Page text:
Guilin and nearby Yangshuo are a paradise for outdoor enthusiasts. Blessed with some of the most dramatic natural scenery on earth, this area in Guangxi Province offers adventures on land and on the water. With its mild winter climate, Guilin is pleasant throughout the year, and you won’t have to compete with high-season crowds during the colder months.
The interesting limestone karst formations of the Guilin and Yangshuo make for excellent rock climbing, and the area is starting to make it’s place in the global climbing community. The area’s most iconic landmark, Moon Hill, has 20 distinct routes to the top for beginning to advanced climbers.
Bicycles may have fallen out of favor in the big cities of China, but in the Guangxi countryside surrounding Guilin and Yangshuo, they’re alive and well. Rent a bike on nearly any street corner and head out to explore this fascinating landscape. Cycling, as opposed to other forms of transportation, allows you to witness rural life along the Li and Little Li Rivers at your own leisurely pace.
Rafting and Kayaking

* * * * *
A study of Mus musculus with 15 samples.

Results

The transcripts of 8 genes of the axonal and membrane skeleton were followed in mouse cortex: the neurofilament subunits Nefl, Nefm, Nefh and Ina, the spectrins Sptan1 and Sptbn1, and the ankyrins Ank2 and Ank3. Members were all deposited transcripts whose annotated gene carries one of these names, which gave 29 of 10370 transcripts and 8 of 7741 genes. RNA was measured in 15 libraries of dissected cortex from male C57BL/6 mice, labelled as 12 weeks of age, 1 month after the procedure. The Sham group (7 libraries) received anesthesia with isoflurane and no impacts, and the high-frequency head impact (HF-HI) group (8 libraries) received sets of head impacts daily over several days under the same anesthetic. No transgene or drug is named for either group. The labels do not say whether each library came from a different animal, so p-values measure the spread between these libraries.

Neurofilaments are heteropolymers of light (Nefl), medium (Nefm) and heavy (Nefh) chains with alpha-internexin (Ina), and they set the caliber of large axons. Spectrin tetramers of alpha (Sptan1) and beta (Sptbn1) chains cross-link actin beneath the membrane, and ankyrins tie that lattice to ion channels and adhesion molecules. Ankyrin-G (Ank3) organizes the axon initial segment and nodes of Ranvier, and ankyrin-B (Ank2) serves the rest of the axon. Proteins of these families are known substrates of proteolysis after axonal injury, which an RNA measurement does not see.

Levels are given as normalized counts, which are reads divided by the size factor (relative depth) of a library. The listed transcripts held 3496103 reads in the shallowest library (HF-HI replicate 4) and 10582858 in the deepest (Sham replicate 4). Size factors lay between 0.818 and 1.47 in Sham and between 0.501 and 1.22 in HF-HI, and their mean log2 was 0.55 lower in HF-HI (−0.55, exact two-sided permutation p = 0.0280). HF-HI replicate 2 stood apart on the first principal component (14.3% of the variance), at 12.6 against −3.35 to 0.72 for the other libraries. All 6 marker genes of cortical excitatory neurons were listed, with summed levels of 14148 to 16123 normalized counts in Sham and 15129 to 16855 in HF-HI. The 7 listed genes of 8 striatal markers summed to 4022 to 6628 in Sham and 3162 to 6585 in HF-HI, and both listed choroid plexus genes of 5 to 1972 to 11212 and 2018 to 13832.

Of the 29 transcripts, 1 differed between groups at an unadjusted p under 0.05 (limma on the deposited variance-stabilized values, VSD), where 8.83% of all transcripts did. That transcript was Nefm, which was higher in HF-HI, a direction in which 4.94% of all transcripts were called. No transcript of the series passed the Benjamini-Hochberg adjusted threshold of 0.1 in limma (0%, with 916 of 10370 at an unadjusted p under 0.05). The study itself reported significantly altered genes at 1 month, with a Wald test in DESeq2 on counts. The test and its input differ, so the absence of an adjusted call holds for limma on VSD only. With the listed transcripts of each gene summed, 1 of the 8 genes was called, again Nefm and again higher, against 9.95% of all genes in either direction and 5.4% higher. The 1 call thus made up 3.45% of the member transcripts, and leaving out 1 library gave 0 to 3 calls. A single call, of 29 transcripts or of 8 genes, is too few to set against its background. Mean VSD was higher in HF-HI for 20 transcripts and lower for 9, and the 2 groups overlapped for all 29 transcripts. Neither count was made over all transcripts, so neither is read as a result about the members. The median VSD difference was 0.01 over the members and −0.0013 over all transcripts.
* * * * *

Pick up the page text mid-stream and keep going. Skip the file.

Life in Guilin centers around the Li River and its smaller tributaries, and it would be a shame to visit Guilin without spending some time on the water. Luckily, you have options on how to do so. If you’re in the mood to sit back and relax, hop on a motorized raft on the Li River or a pole-pushed raft on the Yulong River. For something a little more blood-pumping, take a guided kayak trip instead.
If climbing up the karsts isn’t your cup of tea, you can explore some of them from the inside instead. Exploring any of the half a dozen caves surrounding Yangshuo can take anywhere from 30 minutes to several hours. The Reed Flute Cave (closest to Guilin) and the Silver Cave have railed walking paths and colorfully lit formations, while a visit to the Water Caves involve donning a lighted helmet and getting wet and muddy.